Listen to a Nonprofit Consultant Speak!
Where: Random cocktail party
When: About once a month
Q: So. What do you do?
A: I’m a management consultant specializing in the development and operation of cultural facilities — mostly theaters.
Q: Oh. You’re an architect?
A: No, I’m a management consultant.
Q: Ah. You’re in the movie business?
A: No, I’m mostly involved with the nonprofit performing arts sector.
Q: Hmm. Could you pass me those olives?
Some people actually stick with this dialogue a bit longer to try to understand how it is that I make a living. And when they finally start to get it, the next question is “How did you end up doing such a thing?”
Well, that’s a bit of a saga.
I did lots of theatre (bad acting, directing, then producing) through high school and college. But after graduation I dutifully went to work for a bank in Toronto, where I quickly became bored to tears. So I wrote a letter to 10 experimental theatre companies, suggesting that I’d like to become a volunteer for their organization — making budgets, sweeping floors, whatever.
I didn’t get any responses for a month. Then, finally, the executive director of The Theatre Centre called, mostly curious about why some young banker would want to get involved with this co-op of five way-out-there producing companies. Long story short, I did get involved, helping them form a board, write bylaws, develop a budget, chase grants, build audiences and do all sorts of other essential chores. It was a very powerful experience for me in that I saw that a “suit” could have a big impact on the arts while still being a “suit.”
When I did finally leave the bank after seven years, it was to start producing theatre full-time. There was some commercial theatre, some experimental work and then some industrials that financed my return to graduate school to get an MBA. While I was there, I was hired by a friend who was on the Toronto Symphony board to advise them on what to do with Massey Hall – their original home, from which they had just departed for the shiny, new Roy Thompson Hall.
I had no idea how to proceed. But in my mad search for clues I discovered a company in New York that actually did this sort of thing. I came down and begged for assistance, which they kindly provided. It turned out very well, and I truly loved being, once again, the suit with a creative purpose. So I basically harassed Theatre Projects for 18 months until they hired me, and I moved to New York City in 1989 to turn that one study into a career.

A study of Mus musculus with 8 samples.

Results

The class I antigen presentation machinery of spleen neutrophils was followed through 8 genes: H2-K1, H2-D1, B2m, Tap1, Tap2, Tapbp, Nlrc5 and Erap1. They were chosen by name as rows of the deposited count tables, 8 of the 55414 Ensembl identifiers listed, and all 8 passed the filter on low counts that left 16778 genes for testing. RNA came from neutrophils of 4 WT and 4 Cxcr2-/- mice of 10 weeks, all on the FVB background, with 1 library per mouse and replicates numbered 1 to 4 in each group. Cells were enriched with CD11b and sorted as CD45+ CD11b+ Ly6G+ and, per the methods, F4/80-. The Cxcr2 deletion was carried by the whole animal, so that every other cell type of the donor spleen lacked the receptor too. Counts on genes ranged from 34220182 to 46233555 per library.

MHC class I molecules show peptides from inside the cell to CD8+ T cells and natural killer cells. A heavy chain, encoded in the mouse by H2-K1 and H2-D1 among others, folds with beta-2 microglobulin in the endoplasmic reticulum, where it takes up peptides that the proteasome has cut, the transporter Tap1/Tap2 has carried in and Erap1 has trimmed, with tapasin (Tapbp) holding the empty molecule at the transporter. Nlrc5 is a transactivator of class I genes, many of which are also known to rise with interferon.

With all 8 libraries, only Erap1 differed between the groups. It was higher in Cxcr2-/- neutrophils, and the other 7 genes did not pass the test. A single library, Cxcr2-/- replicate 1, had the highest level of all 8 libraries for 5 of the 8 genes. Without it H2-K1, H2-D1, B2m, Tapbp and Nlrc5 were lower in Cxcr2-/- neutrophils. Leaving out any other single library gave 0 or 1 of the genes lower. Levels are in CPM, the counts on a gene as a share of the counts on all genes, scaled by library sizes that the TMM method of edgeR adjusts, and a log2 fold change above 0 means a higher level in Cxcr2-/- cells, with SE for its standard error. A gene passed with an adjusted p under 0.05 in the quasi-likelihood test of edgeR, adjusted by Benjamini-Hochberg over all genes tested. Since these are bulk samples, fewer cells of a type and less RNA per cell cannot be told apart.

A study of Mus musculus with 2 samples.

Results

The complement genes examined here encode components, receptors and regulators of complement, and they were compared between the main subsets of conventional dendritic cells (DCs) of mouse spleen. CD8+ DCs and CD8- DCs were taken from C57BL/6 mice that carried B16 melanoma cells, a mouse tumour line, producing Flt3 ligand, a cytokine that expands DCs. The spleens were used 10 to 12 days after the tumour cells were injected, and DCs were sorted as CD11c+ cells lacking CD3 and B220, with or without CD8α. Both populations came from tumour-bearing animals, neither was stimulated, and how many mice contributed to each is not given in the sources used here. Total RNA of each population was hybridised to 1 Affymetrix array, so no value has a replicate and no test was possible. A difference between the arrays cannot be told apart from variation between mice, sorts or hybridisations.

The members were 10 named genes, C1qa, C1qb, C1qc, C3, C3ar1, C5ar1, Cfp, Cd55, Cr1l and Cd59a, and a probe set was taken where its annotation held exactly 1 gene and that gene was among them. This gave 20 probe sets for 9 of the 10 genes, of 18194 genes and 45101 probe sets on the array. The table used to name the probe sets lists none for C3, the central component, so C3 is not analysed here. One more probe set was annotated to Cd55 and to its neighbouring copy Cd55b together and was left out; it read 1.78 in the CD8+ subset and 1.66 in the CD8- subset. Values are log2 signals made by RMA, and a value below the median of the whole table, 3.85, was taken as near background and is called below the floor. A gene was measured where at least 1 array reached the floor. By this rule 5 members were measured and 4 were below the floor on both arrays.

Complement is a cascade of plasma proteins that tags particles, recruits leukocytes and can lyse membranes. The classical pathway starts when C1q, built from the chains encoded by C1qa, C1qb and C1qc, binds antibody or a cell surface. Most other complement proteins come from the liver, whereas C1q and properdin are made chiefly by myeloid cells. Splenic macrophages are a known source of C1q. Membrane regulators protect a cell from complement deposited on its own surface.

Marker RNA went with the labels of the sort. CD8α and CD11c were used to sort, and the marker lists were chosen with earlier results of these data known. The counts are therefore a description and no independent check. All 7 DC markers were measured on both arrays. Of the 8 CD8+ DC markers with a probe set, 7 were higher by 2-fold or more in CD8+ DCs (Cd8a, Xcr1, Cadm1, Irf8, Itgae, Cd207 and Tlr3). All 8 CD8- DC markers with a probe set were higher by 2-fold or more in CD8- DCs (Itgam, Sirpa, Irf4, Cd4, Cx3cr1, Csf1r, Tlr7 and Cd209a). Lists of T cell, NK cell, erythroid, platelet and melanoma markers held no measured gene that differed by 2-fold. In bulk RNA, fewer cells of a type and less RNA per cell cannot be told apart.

I worked with Theatre Projects for six years and then for a related company for three more years before starting my own practice in 1997. Now, 15 years later, Webb Management Services has just started its 335th job. We’ve worked in 46 states, five Canadian provinces and six other countries conducting master plans, feasibility studies, business plans and strategic plans around the development and operation of facilities, districts and the organizations that use them. Our clients are government, educators, arts groups, developers and other “friends” of the arts.
What’s unique (and challenging) about our practice is that we just focus on doing these front-end or one-time studies to help our clients move forward (or not). We’re not hoping for or hanging around for more work. As we like to say, our job is to speak truth to power and then get out of the way. It’s a lousy business model, but our clients value our professionalism and objectivity.
So why blog? Because there are major changes occurring in the performing arts sector and it’s driving me mad that too many buildings, organizations, artists and funders are not paying enough attention to fundamental shifts in areas like consumer behavior, the economics of facilities, the sustainability of creative enterprises and the changing ways that the public and private sectors think of (and support) the arts. And boy, do I have a lot of great stories to tell after 30 years working in and around the performing arts.
A lot of those stories are likely to focus on how the current situation has evolved over time, reflecting a series of cultural, economic, technological and societal trends. I’ve been particularly fascinated by the changing arguments used to justify support for the arts, and how foundations and other funders are so quick to abandon the old arguments in favor of shiny new ones. I also look forward to some good compare-and-contrast between the U.S. and Canada, where the role and value of the arts and culture are viewed quite differently.
I am thrilled to be joining the Clyde Fitch community. The blog is called Consultant Speak because it is one consultant’s perspective on the arts sector. But I love that we are looking at the arts and politics together. I am deeply distressed by how apolitical so many arts organizations have become for fear of losing the support of their funders. But I look forward to the opportunity to draw attention to those who have not lost their nerve and are still prepared to bite the hands that feed them.
I promise to keep the consulting and B-school jargon to a minimum. And I’ll have to do some changing of names to protect the innocent and keep myself out of hot water. But I won’t be protecting anyone wearing rose-colored glasses regarding the future of the arts in this country. I’ll try not to rant, but I really do believe that time is running out on the sector as we know it, and that we’re close to that change-or-die moment. I’m looking forward to sharing my perspective on what comes next, and to hearing back from others in the trenches.